Biden administration speaks out on federal blood donation policy impacting gay men amid national blood shortage
(WASHINGTON) — For the first time, the Biden administration is commenting on the Food and Drug Administration’s long-time blood donation guidelines, which are impacting the LGBTQ+ community by preventing gay and bisexual men from being eligible blood donors.
The statement, made by a White House official exclusively to ABC News, acknowledges the painful origins of the policy and comes on the heels of the American Red Cross declaring their first-ever national blood crisis last week, as supplies at hospitals and blood banks become dangerously low.
Current U.S. policy holds that sexually active gay or bisexual men must abstain from sex for at least three months before they’re allowed to donate blood. The rule applies to gay and bisexual men who are monogamous and those who test HIV negative and are practicing safe sex. It also includes gay and bisexual COVID-19 survivors who wish to donate convalescent plasma, rich with antibodies, for research.
The restriction on blood donations came out of the HIV/AIDS crisis of the 1980s, when limited testing technology and capacity existed to screen blood for HIV. In 1983, the FDA implemented a lifetime ban on blood donations from all men who had sex with men after 1977.
The FDA removed the lifetime ban and enacted a 12-month deferral period in 2015, meaning gay or bisexual men had to abstain from having sex with other men for at least 12 months before donating blood. That deferral period was reduced to three months in April 2020 amid blood supply shortages in the beginning months of the COVID-19 pandemic.
Despite cutting of deferral periods in recent years, the current federal policy remains a blanket policy covering LGBTQ+ people, and does not take into account individual risk.
“The legacy of bans on blood donation continues to be painful, especially for LGBTQI+ communities,” the White House official told ABC News in a statement. “The President is committed to ensuring that this policy is based on science, not fiction or stigma. While there are no new decisions to announce at the moment, the FDA is currently supporting the ‘ADVANCE’ study, a scientific study to develop relevant scientific evidence and inform any potential policy changes.”
In 2020, ABC News broke the story that several major blood donation organizations — including the American Red Cross, Vitalant and OneBlood — announced that they were working together in an FDA-funded study (ADVANCE: Assessing Donor Variability And New Concepts in Eligibility) to provide data to determine if eligibility based on an individual’s risk could replace the time-based deferral system while maintaining the safety of the blood supply.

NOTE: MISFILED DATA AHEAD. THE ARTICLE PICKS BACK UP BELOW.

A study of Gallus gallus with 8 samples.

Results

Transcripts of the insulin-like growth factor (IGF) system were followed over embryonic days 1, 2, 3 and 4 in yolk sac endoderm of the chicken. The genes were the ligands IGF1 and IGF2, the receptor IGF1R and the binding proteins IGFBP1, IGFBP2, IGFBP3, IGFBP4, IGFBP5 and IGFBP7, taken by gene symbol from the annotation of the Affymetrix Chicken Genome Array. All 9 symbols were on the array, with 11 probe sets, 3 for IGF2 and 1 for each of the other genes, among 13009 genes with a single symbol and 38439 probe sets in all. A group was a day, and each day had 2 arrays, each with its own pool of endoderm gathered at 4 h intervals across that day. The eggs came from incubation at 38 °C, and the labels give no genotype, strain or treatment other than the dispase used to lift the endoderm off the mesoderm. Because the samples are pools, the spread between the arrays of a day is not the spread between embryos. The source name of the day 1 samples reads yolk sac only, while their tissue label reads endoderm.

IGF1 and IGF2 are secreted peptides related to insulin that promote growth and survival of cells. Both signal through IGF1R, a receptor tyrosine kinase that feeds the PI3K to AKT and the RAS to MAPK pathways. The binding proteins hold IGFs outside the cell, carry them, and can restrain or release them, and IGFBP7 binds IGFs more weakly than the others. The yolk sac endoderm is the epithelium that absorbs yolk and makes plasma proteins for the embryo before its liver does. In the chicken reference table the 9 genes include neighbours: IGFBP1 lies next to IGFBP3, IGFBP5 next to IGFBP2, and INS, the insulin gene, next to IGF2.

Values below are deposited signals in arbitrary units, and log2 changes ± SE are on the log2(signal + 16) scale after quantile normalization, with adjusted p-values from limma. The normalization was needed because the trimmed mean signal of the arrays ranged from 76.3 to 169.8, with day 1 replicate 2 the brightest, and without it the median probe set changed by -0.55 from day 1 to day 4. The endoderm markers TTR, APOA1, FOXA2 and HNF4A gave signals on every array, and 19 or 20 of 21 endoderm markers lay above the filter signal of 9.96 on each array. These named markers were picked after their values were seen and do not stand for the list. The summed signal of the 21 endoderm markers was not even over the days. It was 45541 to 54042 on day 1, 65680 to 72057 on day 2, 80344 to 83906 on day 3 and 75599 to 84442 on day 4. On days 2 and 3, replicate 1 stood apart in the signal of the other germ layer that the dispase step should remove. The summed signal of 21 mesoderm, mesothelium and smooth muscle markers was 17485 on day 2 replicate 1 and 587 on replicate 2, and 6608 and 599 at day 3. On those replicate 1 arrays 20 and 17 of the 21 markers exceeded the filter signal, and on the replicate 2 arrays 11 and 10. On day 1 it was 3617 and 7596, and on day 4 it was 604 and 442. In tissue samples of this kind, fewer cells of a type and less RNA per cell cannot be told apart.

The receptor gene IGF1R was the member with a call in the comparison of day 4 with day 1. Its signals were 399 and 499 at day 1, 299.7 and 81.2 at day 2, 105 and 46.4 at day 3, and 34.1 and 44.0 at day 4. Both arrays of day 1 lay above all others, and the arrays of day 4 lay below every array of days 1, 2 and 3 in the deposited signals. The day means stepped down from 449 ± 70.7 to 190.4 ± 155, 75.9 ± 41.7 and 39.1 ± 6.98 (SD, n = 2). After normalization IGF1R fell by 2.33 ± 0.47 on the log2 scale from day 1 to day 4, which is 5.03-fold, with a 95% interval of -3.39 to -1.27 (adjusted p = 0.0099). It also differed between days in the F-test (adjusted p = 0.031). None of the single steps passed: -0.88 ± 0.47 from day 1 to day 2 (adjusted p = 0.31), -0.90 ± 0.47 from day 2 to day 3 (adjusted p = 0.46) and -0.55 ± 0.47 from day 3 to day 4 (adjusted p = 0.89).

While the lead researchers involved in the study previously told ABC News their goal was to present their findings to the FDA in late 2021, the FDA revealed to ABC News that the study is ongoing, amid what the American Red Cross is calling “the worst blood shortage in over a decade.”
While the American Red Cross said that there is no clear data that would suggest that changing the current blood donation policy would significantly increase the number of blood donations, if the deferral period were lifted, an additional 360,000 men would likely donate, “which could help save the lives of more than a million people,” according to LGBTQ+ advocacy group GLAAD.
In what seems like a clash over risk vs. stigma, LGBTQ+ advocacy groups and many in the medical community are aligned on the idea that the current federal policy on LGBTQ+ blood donor eligibility is largely discriminatory.
“We believe blood donation eligibility should not be determined by methods that are based upon sexual orientation and we’re committed to achieving this goal,” the American Red Cross said in a statement to ABC News.
Sarah Warbelow, legal director for the Human Rights Campaign, also told ABC News, “Just like other individuals throughout the country, many people have sex on a regular basis, including with partners and spouses.”
And in 2020, Dr. Patrice Harris, president of the American Medical Association, told “Good Morning America”: “The AMA has been a long-term advocate of using a risk-based approach, rather than stigmatizing one group of people. So we believe there should not even be the three-month deferral, but that we should use a risk-based approach.”
ABC News’ Kiara Alfonseca contributed to this report.